Secretary of Defense Leon Panetta said Friday evening that Israelis and Palestinians would make serious headway in the peace process if only two parties would “get to the damn table."
"The problem is right now that we can’t get them to the damn table," Panetta told a crowd that included Israeli Ambassador Michael Oren and Martin Indyk, the former assistant Secretary of State for Near East Affairs under Bill Clinton. "First and foremost" Panetta said, "get to the damn table."
His remarks were made at the 2011 Saban Forum, an annual gathering that brings together U.S. and Israeli officials and policymakers.
Panetta also touched on the threat that Iran’s nuclear program poses to the Middle East and America. He declared Tehran "a very grave threat to all of us,” adding that "no greater threat exists to the security and prosperity of the Middle East than a nuclear-armed Iran" — though he was clear that U.S. military action against the regime remains a "last resort."
If the U.S. were to attack Iran’s nuclear sites, it would set the country’s program back just one to two years, he added.
Panetta also warned that Israel must take bold steps, along with the U.S., to prevent itself from growing ever more isolated across the globe.
The Jewish state, he said, "has a responsibility to pursue these shared goals — to build regional support for Israeli and United States security objectives. I believe security is dependent on a strong military, but it is also dependent on strong diplomacy."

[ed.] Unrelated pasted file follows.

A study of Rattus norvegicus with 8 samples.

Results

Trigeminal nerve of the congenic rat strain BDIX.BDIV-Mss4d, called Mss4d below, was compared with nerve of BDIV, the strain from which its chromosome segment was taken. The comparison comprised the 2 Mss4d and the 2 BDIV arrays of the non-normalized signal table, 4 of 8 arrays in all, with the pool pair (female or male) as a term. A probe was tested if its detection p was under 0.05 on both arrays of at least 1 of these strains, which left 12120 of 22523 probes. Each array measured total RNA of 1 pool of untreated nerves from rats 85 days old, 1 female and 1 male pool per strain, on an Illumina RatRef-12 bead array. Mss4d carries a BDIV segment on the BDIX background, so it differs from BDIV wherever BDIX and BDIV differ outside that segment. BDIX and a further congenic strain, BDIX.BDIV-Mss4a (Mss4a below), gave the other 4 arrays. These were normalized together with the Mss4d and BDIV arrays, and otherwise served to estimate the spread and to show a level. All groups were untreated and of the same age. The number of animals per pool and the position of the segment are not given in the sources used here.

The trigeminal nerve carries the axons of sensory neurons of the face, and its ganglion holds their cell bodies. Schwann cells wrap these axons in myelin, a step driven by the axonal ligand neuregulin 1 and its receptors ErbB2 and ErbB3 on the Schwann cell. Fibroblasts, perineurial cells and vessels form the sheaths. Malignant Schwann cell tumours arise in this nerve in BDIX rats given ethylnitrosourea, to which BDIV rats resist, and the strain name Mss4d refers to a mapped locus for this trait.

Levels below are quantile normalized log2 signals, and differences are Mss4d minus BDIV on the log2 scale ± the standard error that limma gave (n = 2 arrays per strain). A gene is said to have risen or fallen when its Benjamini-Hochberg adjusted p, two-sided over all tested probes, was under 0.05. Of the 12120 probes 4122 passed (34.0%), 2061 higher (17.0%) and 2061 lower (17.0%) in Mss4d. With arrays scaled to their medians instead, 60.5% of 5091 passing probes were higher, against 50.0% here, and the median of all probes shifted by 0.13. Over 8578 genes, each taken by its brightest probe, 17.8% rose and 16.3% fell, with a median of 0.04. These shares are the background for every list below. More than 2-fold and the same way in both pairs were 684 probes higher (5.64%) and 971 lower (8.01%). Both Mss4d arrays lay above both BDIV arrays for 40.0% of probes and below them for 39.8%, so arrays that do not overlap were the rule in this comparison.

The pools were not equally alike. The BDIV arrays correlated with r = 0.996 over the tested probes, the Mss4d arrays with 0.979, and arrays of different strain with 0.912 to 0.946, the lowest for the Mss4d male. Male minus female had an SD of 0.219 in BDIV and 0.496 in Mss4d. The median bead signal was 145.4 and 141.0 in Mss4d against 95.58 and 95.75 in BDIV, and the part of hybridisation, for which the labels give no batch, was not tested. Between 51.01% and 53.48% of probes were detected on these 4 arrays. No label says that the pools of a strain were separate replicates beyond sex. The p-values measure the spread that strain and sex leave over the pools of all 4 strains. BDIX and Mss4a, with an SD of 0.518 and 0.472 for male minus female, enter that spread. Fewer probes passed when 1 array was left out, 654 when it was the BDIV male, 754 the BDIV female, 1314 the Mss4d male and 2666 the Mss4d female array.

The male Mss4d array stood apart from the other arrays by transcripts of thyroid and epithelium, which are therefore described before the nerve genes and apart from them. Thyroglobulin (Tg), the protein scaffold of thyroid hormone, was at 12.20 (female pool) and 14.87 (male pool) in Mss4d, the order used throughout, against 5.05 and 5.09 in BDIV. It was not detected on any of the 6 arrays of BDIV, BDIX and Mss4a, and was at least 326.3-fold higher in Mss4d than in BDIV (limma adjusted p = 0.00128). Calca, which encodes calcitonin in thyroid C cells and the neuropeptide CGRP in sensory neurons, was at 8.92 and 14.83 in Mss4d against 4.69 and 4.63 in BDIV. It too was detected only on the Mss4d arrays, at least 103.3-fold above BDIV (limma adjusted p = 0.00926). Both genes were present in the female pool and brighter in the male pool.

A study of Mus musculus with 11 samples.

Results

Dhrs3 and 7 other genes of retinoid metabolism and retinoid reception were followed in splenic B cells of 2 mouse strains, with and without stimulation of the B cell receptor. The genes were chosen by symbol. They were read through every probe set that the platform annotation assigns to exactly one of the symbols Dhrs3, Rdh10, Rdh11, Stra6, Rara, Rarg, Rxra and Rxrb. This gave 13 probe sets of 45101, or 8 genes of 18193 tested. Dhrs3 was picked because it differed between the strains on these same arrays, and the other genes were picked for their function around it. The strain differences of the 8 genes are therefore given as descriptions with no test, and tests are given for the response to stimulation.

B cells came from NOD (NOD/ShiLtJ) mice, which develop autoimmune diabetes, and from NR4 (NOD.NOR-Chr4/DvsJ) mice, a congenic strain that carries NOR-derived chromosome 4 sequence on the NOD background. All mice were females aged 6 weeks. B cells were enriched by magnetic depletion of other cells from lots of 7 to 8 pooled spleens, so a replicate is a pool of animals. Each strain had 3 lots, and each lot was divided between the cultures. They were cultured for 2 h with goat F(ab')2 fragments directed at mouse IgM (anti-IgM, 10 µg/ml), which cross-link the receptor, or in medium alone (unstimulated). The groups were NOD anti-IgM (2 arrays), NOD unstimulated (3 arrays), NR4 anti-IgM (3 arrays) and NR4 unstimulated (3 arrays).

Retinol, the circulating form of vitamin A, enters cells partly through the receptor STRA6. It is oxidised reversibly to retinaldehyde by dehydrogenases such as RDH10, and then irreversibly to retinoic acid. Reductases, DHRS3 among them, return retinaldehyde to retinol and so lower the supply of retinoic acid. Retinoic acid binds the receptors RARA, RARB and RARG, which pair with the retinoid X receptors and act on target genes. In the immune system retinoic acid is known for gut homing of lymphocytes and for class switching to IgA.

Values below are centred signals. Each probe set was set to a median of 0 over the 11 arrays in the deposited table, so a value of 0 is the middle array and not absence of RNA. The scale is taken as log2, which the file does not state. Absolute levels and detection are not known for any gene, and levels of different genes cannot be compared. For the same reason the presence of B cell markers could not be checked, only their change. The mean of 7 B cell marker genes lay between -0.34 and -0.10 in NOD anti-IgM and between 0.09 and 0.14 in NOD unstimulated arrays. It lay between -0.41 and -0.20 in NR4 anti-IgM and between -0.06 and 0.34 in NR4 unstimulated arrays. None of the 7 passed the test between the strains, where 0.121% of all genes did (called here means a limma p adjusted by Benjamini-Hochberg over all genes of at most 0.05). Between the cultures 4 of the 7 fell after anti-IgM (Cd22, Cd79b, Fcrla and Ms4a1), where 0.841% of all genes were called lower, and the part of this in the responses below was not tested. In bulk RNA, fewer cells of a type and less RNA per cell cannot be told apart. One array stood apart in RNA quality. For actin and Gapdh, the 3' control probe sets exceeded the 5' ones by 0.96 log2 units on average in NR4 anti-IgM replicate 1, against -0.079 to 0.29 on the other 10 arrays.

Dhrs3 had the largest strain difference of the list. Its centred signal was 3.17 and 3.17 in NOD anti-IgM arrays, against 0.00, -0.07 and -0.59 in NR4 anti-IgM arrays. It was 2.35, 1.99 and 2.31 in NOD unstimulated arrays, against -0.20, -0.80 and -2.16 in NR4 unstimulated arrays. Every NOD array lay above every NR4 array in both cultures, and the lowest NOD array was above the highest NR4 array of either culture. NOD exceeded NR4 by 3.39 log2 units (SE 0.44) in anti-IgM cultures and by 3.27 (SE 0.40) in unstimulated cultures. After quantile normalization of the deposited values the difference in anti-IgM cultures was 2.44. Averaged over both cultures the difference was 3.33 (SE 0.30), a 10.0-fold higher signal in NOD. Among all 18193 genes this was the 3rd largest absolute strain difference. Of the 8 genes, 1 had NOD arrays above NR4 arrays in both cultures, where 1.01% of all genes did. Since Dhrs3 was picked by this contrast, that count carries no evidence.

Peace, Panetta added, "requires some difficult steps, but all Israelis should know that the United States will always stand behind their country, providing a secure safety net as it takes those necessary risks."
Discussing the Arab Spring and democratic revolutions across the Middle East, Panetta expressed a cautious optimism. He said that diplomacy and outreach are the best methods to ensure that Israel’s safety:
While we share Israel’s legitimate concerns about instability in the Sinai Peninsula, and the attack on the Israeli embassy in Cairo, the best way to address these concerns is through increasing communication and cooperation with Egyptian authorities, not by stepping away from them. I understand the view that this is not the time to pursue peace, and that the Arab awakening further imperils the dream of a safe and secure, Jewish and democratic Israel – but I disagree. I believe Israel will ultimately be safer when other Middle Eastern states adopt governments that respond to their people, promote equal rights, promote free and fair elections, uphold their international commitments, and join the community of free and democratic nations. I believe it is the only real long-term path to security and prosperity.
Panetta also reaffirmed the Obama administration’s commitment to preserving Israel’s security — just as the president himself has made clear in recent days.
"I would like to underscore one thing that has stayed constant over the past three years of the Obama administration – the determination of the United States to safeguard Israel’s security," Panetta said. "And that commitment will not change."